Aubrey Sentro boasts a long and impressive career as a Black Ops specialist, first for the U.S. government, and now for a private contractor. Over all those years, she’s taken many blows, oftentimes suffering head injuries. Not willing to give up her career, Aubrey struggles to complete dangerous missions while dealing with serious gaps in her memory. At times, those lapses are merely annoying – forgetting someone’s name in a social situation, for example. But when lives are on the line, quick recall is crucial.
Aubrey’s latest mission nearly goes sideways when she forgets the hotel room number for the kidnap victim she’s hired to rescue. She manages to recover, saving the victim and killing the woman who drugged him. Returning to work at Solomon Systems for a morning briefing, she’s advised to take a much needed vacation. At first she resists, but then decides to take an ocean voyage on a cargo ship, the Jeddah, something she’s read about and thinks would be a needed respite without encountering crowds of rowdy vacationers. When the ship is hijacked by pirates, Aubrey must save others by using her physical skills while keeping her mental demons at bay.
As the family bread winner, Aubrey spent little time at home raising her two children, Jenny, and Jeremy, leaving that responsibility to her husband, Dennis. The secrecy of her missions meant her children never really understood her absences and were left to fill in the blanks. Was their mother having affairs? Tending to a second family? After Dennis dies from cancer, Aubrey’s efforts to restore relationships with her two adult children become difficult. Jeremy agrees to occasional lunches where his attempts to elicit information from his mother usually fails. (That CIA training is useful.) Jenny refuses to speak to her, even over the phone, so text messages are exchanged, though infrequently.
While Aubrey’s brain specialist (one she sees outside of her network, so as not to alert her co-workers), delivers dire news about her prognosis – “it’s typically degenerative” – she refuses to tell anyone about her condition, not her employer and, of course, not her children. Jeremy, perhaps the more perceptive of her children, is quick to jump when she forgets. “I broke up with her two years ago,” Jeremy tells his mother after she inquires about his girlfriend.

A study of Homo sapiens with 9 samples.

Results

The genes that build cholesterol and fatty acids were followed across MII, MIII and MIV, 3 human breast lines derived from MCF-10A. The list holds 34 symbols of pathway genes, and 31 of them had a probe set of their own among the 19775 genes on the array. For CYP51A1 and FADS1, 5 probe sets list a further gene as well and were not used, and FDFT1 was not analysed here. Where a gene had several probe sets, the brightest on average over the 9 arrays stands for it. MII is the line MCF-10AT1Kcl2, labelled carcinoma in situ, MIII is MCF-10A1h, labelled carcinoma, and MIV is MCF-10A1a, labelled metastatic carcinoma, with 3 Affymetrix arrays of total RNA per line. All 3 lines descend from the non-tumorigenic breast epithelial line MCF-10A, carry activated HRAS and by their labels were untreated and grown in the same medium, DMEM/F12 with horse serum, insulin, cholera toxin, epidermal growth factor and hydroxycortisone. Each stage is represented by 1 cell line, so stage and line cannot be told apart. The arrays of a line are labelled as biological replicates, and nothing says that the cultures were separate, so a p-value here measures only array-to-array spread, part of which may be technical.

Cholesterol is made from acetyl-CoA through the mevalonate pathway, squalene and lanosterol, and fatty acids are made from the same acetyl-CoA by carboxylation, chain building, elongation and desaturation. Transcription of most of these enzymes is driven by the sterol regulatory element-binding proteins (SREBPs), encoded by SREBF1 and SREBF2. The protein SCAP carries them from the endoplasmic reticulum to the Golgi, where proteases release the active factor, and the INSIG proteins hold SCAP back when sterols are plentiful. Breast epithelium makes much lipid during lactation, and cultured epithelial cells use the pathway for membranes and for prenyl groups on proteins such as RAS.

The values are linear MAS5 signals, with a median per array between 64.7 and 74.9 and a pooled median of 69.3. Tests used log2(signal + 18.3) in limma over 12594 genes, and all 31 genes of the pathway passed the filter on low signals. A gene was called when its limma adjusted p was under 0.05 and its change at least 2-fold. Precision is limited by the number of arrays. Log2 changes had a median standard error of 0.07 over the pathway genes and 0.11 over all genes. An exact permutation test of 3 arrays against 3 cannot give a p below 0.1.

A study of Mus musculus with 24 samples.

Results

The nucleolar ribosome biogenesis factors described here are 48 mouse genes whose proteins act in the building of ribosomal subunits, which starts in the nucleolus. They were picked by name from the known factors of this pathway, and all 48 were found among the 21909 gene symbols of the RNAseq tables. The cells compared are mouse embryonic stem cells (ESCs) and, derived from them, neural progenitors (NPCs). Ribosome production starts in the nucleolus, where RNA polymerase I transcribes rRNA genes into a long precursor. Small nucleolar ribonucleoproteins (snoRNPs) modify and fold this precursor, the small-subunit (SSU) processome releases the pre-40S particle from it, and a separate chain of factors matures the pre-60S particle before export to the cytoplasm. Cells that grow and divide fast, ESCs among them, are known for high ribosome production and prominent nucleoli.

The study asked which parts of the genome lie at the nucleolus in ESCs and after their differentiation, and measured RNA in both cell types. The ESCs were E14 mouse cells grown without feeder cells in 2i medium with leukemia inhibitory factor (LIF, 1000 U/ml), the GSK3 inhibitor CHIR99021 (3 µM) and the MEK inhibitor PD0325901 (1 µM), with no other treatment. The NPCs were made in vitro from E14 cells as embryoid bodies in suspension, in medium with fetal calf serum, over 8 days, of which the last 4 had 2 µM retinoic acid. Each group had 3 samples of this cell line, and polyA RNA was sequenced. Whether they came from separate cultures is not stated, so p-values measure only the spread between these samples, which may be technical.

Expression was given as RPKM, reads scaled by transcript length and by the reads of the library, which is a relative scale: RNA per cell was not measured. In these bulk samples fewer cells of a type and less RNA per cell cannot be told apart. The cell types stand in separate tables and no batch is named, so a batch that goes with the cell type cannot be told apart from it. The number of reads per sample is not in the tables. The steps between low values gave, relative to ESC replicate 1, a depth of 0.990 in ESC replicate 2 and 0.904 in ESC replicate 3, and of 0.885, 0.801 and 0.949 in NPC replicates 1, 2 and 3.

Communication between Aubrey and her children is so fraught that she neglects to tell them she’s taking a vacation. When her absence is noticed, Jenny does call, reaching her mother when the ship docks in Savannah. That will be the last time Jenny or Jeremy hear from her, then they are told by the authorities that the Jeddah has been hijacked and their mother is missing.
Modern day pirates attacking cargo ships is so commonplace that insurance companies have a routine system for handling the ransoms. Crews and passengers may be held but are usually released when the money is delivered. Aubrey, however, quickly sizes up the pirates overtaking the Jeddah and knows they are dangerous amateurs who will kill at the slightest provocation. Pauly and Coster Zeme are twins looking for a big score after the last one ended in failure. And they can’t quite believe that what stands in their way is a woman, a well-trained killing machine leaving bodies in her wake and threatening their whole operation.
While Aubrey battles pirates in the present, she continues to go back in time to past missions, particularly one in Mexico that may have ended badly. The pieces never quite come together and she’s haunted by what she did and what more she could have done to change the outcome. One memory that remains vivid for Aubrey: how her mother died, a gruesome tragedy that continues to define her life.
Daniel Pyne has created a fascinating character. Aubrey is Wonder Woman without super powers. Instead she must rely on her training and instincts when confronting danger. She’s one of the best at what she does, but must be better than her male co-workers, her every misstep harshly judged. She’s a mother but not maternal (we learn why as her story unfolds), and her training, to keep everything close to the vest, means she is hesitant to open up, even to her children. Her memory lapses will resonate with many readers.
Daniel Pyne has written four other novels and many screenplays, including for Pacific Heights, Doc Hollywood, and the remake of The Manchurian Candidate. Water Memory would make a terrific film, bringing another female protagonist to the big screen. Dare we hope? Hillary Swank?